Nearly half the 8,005 students surveyed hoped colleges would revert to offline mode
A pilot study commissioned by the Directorate of Collegiate Education into digital learning during the COVID-19 era found 65% of college students did not possess laptops, personal computers, and tablets.
However, smartphone availability among students has considerably improved with nearly 80% having exclusive use of the device. Only 0.51% of the 8,005 students who participated in the survey lacked smartphone access.
The findings came to light during a research study undertaken by the Psychological Resource Centre, Government College for Women, Thiruvananthapuram, on the academic and psycho-social functioning of college students amid the pandemic.
The study incorporated the views of students of 182 government and aided colleges in the State through an online survey conducted on March and April. The sample distribution included students from the arts, science and commerce streams and had representation from General, OBC, SC, and ST categories as well as APL and BPL socio-economic sections.
Only 0.51% of the students who took part in the survey lacked smartphone access. While students from OBC and SC categories had significantly lower access, 87.29% of those from ST communities had exclusive access, largely thanks to schemes implemented to distribute smartphones to children from the sections, the researchers said.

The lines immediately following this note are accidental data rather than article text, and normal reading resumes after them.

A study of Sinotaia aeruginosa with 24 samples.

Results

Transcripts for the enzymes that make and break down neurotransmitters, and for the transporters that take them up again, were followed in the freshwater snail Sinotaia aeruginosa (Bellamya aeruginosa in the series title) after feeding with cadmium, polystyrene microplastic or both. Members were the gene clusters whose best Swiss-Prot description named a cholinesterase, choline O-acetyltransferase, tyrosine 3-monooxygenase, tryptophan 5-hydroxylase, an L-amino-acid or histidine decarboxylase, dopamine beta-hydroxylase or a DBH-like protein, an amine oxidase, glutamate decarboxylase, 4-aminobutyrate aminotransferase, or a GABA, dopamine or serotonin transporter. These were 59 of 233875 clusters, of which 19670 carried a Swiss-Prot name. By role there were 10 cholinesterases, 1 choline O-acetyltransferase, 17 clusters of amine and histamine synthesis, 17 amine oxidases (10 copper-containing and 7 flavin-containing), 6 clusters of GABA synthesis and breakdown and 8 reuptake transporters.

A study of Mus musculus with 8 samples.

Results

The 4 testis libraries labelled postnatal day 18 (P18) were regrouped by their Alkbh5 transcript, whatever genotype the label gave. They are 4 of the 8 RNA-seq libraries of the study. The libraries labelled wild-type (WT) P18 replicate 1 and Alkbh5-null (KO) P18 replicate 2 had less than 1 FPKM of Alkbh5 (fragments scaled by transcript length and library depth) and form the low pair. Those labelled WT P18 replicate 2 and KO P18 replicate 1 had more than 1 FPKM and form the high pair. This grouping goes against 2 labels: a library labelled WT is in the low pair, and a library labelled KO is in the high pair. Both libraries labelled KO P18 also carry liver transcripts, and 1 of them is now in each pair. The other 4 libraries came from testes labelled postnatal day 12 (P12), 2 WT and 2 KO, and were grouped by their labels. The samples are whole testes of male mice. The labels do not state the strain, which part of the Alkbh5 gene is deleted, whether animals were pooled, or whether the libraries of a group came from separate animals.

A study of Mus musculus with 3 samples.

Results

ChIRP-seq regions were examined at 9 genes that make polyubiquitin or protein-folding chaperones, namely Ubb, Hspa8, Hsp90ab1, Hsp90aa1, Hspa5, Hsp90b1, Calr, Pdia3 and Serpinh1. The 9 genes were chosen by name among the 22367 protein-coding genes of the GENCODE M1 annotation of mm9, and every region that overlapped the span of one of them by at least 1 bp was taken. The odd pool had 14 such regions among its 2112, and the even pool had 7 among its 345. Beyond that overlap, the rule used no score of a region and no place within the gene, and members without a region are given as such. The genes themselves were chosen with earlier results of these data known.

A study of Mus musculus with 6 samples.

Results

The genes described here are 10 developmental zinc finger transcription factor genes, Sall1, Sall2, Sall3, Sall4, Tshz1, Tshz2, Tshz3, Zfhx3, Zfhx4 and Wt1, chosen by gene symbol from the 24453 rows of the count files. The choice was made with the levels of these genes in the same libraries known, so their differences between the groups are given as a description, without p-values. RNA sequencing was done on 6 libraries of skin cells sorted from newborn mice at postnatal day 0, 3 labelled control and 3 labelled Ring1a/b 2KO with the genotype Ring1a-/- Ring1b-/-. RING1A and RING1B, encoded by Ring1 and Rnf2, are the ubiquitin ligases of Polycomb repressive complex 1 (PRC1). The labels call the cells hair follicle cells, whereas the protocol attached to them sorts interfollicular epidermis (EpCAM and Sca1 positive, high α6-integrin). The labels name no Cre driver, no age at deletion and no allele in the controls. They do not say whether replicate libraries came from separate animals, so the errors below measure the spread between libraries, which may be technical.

Over 82% students spent up to ₹300 every month for data access, while an almost similar proportion subscribed for daily data plans for up to 1.5GB.
A large proportion of 88.2% students have been able to attend over 50% of online classes. While 0.5% have been unable to access digital classes, 3.3% could attend less than a quarter of the sessions. Network connectivity issues have created difficulties for 68.93% of students.
Google Meet was apparently the most preferred platform used by teachers for online classes (92.19%), while the free and open-source learning platform Moodle could attract only 12.88%.
Despite the greater emphasis on online learning, around half (48.2%) hoped the colleges would revert to the offline mode in the next academic year. While only 6.5% were in full support, 24.1% preferred online learning ‘to some extent.’ A majority of students (85.31%) rated online classes to have average, below average, or very low effectiveness.
According to official sources, the Higher Education Department is planning a comprehensive study, having identified its prospective contours through the pilot research.